Mayor John Biggs and Councillor Danny Hassell have written to Secretary of State for Education Gavin Williamson MP urging the government to extend a funding lifeline for early years providers who face a financial cliff edge in January.
During the pandemic, early years providers have seen a significant decline in demand for places but remain largely ineligible for business support packages as they have remained open.
Since March 2020, the DfE has been block-buying Free Early Education Entitlement (FEEE) places based on what providers’ income would normally be. This created certainty within the sector and has enabled provision to continue, particularly for keyworkers and vulnerable children, despite significant reductions in take up for places.
In Tower Hamlets provision is mainly made up of many small, single-site providers which are less resilient to the downturn in demand and face closure if government support doesn’t continue into 2021.
John Biggs, Mayor of Tower Hamlets, said: “Early years providers in Tower Hamlets face a crisis next year unless the government commits to continuing the current funding arrangements into 2021. These are viable providers which provide an invaluable service to our residents and the government must ensure the sector remains intact once we get through the worst of the pandemic.”
Cllr Danny Hassell, Cabinet Member for Children and Schools, said: “I have been contacted by many people running early years provision in Tower Hamlets and there is desperation within the sector as they feel forgotten and are struggling to stay afloat. The government can’t withdraw support at such a crucial time and expect these businesses to survive when demand has fallen off a cliff.”
Wording of the letter:
We are writing to express our concern about the funding arrangement for early years providers from January 2021.
As you’ll be aware, early years providers have seen attendances decline markedly since the onset of the COVID-19 pandemic which has resulted in a significant drop in income.
Many operators within the sector are largely ineligible for the government support packages, such as the furlough scheme or the business support grants, as they have remained open but are operating under conditions of reduced demand.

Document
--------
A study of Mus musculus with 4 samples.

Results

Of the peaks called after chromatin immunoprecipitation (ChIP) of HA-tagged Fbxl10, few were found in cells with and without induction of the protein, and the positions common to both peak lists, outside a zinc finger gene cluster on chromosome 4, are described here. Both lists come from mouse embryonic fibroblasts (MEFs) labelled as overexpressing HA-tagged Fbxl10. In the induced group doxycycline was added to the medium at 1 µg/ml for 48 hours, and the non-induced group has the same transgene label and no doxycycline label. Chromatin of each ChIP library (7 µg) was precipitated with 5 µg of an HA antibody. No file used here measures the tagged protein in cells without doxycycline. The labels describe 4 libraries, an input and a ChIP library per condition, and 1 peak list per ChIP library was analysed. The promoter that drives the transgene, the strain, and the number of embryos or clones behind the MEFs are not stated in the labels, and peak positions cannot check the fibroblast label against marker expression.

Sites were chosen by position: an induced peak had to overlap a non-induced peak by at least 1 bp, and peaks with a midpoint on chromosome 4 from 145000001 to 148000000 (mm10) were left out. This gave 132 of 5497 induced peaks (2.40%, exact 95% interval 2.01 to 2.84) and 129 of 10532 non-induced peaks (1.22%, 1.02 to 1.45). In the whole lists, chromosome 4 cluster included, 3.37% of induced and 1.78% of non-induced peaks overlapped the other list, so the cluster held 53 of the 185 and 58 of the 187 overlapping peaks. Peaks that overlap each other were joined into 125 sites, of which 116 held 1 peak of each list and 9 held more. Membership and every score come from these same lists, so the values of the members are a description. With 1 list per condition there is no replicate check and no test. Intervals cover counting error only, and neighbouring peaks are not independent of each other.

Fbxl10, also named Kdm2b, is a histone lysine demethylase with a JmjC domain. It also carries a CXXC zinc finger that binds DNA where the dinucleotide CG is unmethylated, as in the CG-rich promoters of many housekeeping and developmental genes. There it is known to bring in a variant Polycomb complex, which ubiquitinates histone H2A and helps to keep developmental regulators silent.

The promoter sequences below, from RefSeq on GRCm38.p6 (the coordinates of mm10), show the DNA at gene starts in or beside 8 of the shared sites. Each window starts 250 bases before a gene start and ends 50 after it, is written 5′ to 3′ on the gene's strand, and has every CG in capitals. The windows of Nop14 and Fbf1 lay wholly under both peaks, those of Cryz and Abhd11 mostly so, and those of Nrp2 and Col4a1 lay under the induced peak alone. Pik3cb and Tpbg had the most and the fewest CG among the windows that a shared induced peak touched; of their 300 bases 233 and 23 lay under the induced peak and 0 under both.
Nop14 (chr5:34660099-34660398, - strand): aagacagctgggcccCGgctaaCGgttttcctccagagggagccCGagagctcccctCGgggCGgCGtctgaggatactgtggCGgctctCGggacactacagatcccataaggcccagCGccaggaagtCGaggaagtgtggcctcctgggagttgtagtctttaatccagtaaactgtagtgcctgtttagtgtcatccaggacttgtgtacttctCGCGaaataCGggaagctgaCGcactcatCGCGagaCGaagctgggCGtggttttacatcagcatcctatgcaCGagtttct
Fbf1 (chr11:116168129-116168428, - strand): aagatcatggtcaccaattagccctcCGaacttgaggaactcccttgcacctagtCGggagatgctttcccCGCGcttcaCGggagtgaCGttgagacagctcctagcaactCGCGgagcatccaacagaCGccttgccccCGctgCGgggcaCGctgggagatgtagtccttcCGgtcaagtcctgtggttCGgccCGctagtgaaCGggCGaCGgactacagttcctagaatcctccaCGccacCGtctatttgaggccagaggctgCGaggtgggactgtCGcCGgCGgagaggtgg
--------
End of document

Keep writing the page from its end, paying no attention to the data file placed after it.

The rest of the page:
The early years landscape in Tower Hamlets is primarily made up of many small, single-site providers and few large chains. These small providers are understandably less resilient to the downturn in demand as they do not have the financial buffers of many of the large providers.
The Department for Education’s initial response has been to block buy Free Early Education Entitlement (FEEE) places based on income from an equivalent non-COVID term. This created certainty within the sector and has enabled provision to continue, particularly for keyworkers and vulnerable children, despite significant reductions in take up for places.
We’re therefore very concerned with your current proposal to end the current funding regime and revert to “follow the child” funding from January 2021. Simply put, if the current model is not maintained into next year, we face the prospect of large-scale closures of early years providers throughout Tower Hamlets and across the country.
For example, a 32-place nursery may only be taking 8 children at the moment – but can still afford to pay their 4 staff (1:8 ratio) with DFE block buying of places. If they are funded for only the 8 children attending from January, they will clearly not be viable.
We have been contacted by many people running early years businesses and there is significant desperation within the sector as they feel like forgotten business which are struggling to stay afloat. Providers also tell me that keeping the upper threshold of £150,000 of the 30 hours FEEE effective for the whole of this financial year ending on 5 April 2021 supports only the very wealthy. This inconsistency puts smaller local childcare providers further at risk as high earners do not tend to be their main revenue source. It is these smaller providers who are doing most to support your government’s social mobility agenda of getting parents into work.
With this in mind, we would urge you to look again at the decision to stop the block buying of early years places which has been in place since March 2020.
This policy has enabled many small businesses to remain viable in otherwise extremely challenging conditions and, if continued while the COVID vaccines are rolled out, it should also mean the sector is largely intact once we can return to some form of normality.
With January now just a few weeks away, we’re sure you can appreciate that those working in the early years sector urgently need clarity and assurance about the future so we’re calling on you to look again at your proposals and continue the block buying of places into 2021.